DBA survey says design groups’ profits are at risk

Design groups across the industry could struggle to maintain profitability in 2006, warns a survey out this week, which finds that salary costs are going up, while charge-out rates are decreasing.

The Design Business Association survey of 135 consultancies across the UK reports that, while salaries have increased by an average of 10 per cent this year, direct charge-out rates have fallen by 5 per cent, to an average of £96 per hour.

According to Mandy Merron, a partner at accountant Willott Kingston Smith, this is a worrying trend and groups should take urgent action to remedy the situation. ‘It is critical that this ratio is improved. Consultancies can’t remain profitable if staff costs continue to rise and charge-out rates don’t reflect the increase,’ she says.

Financial consultants across the sector agree that the survey is an accurate reflection of what is happening in the market. Results Business Consulting managing director Jim Surguy points to the surge in the use of procurement departments to buy design as a key cause of falling charge-out rates.

‘Procurement departments, by and large, don’t realise the value of design and that is tending to drive fees down,’ he says. ‘Designers need to deliver an added value proposition that helps them justify the fees they want to charge.’

DBA chief executive Deborah Dawton agrees and says design groups also need to focus on improving their negotiation skills.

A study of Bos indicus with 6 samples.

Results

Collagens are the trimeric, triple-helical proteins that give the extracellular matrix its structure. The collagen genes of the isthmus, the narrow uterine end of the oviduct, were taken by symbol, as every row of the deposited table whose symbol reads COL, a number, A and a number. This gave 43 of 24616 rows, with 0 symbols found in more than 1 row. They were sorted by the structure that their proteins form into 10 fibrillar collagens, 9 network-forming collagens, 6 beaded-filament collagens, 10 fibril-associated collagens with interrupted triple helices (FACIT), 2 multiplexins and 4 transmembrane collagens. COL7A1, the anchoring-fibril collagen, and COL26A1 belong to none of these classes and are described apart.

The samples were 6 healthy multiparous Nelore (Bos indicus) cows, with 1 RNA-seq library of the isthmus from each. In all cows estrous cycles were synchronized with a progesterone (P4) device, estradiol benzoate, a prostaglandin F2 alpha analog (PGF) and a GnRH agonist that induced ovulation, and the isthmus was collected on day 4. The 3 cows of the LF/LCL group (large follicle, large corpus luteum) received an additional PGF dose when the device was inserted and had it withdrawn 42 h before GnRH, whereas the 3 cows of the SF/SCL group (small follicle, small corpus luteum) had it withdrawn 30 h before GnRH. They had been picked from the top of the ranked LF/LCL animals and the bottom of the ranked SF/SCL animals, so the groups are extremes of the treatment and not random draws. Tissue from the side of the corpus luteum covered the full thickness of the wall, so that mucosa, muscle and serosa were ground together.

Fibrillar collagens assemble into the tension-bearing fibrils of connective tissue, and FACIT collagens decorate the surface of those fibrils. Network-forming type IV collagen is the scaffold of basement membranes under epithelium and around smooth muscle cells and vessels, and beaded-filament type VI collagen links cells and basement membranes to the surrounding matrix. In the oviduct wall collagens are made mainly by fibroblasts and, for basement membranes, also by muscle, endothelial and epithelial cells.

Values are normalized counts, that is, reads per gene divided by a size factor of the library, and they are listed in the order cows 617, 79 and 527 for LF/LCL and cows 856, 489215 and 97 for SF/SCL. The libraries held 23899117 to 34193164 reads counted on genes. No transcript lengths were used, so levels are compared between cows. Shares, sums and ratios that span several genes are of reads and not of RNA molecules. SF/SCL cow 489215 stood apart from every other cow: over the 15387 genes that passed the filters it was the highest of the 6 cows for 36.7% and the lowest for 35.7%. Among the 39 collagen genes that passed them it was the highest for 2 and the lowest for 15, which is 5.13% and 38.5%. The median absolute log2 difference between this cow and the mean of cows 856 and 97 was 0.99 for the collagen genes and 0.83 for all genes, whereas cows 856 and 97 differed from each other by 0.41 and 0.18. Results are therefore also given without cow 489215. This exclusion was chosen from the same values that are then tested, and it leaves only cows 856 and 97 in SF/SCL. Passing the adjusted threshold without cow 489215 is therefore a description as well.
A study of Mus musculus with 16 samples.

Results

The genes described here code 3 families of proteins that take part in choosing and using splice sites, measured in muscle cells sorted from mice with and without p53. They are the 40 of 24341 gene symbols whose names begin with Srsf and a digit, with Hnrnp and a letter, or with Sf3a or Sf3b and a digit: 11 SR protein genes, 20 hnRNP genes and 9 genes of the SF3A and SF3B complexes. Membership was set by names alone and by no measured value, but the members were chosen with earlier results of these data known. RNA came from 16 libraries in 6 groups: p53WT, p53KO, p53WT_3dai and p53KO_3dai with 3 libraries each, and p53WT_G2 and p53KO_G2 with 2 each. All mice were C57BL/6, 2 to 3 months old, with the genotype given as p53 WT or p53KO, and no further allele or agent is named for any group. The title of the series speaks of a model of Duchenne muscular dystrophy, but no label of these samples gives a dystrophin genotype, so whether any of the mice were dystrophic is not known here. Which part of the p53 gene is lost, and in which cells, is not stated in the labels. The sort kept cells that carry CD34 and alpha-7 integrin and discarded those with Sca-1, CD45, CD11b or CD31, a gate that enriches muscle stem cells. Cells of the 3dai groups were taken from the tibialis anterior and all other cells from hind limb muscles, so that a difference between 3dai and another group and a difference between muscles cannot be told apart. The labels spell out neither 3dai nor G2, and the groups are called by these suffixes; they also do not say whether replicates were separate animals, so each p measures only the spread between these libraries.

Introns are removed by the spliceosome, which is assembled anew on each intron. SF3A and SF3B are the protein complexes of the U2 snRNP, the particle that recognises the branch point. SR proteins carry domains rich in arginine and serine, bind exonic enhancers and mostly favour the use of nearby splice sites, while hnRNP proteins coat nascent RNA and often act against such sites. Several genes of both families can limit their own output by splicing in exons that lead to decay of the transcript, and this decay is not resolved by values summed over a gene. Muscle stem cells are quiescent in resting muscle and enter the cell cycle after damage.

‘Clients are clearly putting designers under pressure and, for the large part, [consultancies] lack the confidence to justify their proposition,’ she says.

Dawton believes groups need to be better prepared for a ‘cost versus value’ negotiation with clients, and must also be aware of ‘the point at which it is not profitable for them to do the work’. ‘A lot of designers don’t know what their threshold is,’ she maintains.

The survey found that the industry remains ebullient about its growth prospects, with 52 per cent of groups anticipating an increase in fees.

But 72 per cent of consultancies also expect to see an increase in staff numbers, and most anticipate a 5 per cent increase in rates of pay; the combined effect of which is likely to negate the benefits of any fee increase.

There is consensus among experts that the issue of rising staff costs are firmly within the industry’s control. Surguy believes they are symptomatic of ‘endemic over-servicing’ within the industry. ‘Design consultancies need to become more efficient and cut down on over servicing, which inflates staff costs,’ he says.

Merron agrees. She says a common feature of more profitable groups is that ‘staff are told when to stop the creative work’.

‘Designers are passionate about doing fantastic work but, if clients are only paying for “good enough”, that’s all they should get,’ she says.

Dawton believes design groups should also take a more creative attitude in their approach to rewarding employees.

‘There are ways of motivating and retaining staff that are far cheaper than salary hikes,’ she says. ‘Consultancies should be looking for more creative approaches that tap into the lives of the people that work for them and what makes them tick. This kind of incentive goes beyond monetary value.’

Overall, the outlook isn’t bleak. Merron and others agree that the market is picking up. But they’re also clear that only those groups that differentiate their offer, and are efficient and productive, will reap the rewards.

By Trish Lorenz

The hit on profitability:

• Salary costs up 10 per cent

• Charge-out rates down 5 per cent to an average of £96 per hour

• The ratio of salaries to charge-out rates up by 16 per cent this year

• 52 per cent of consultancies expect an increase in fees in 2006, but 72 per cent also expect an increase in staff

• Pay increases of 5 per cent likely to be necessary

Latest articles

Remembering Jon Daniel: 1966-2017

We look back on the life and work of the Design Week columnist, independent creative director and social activist “who helped put black participation on the political map”.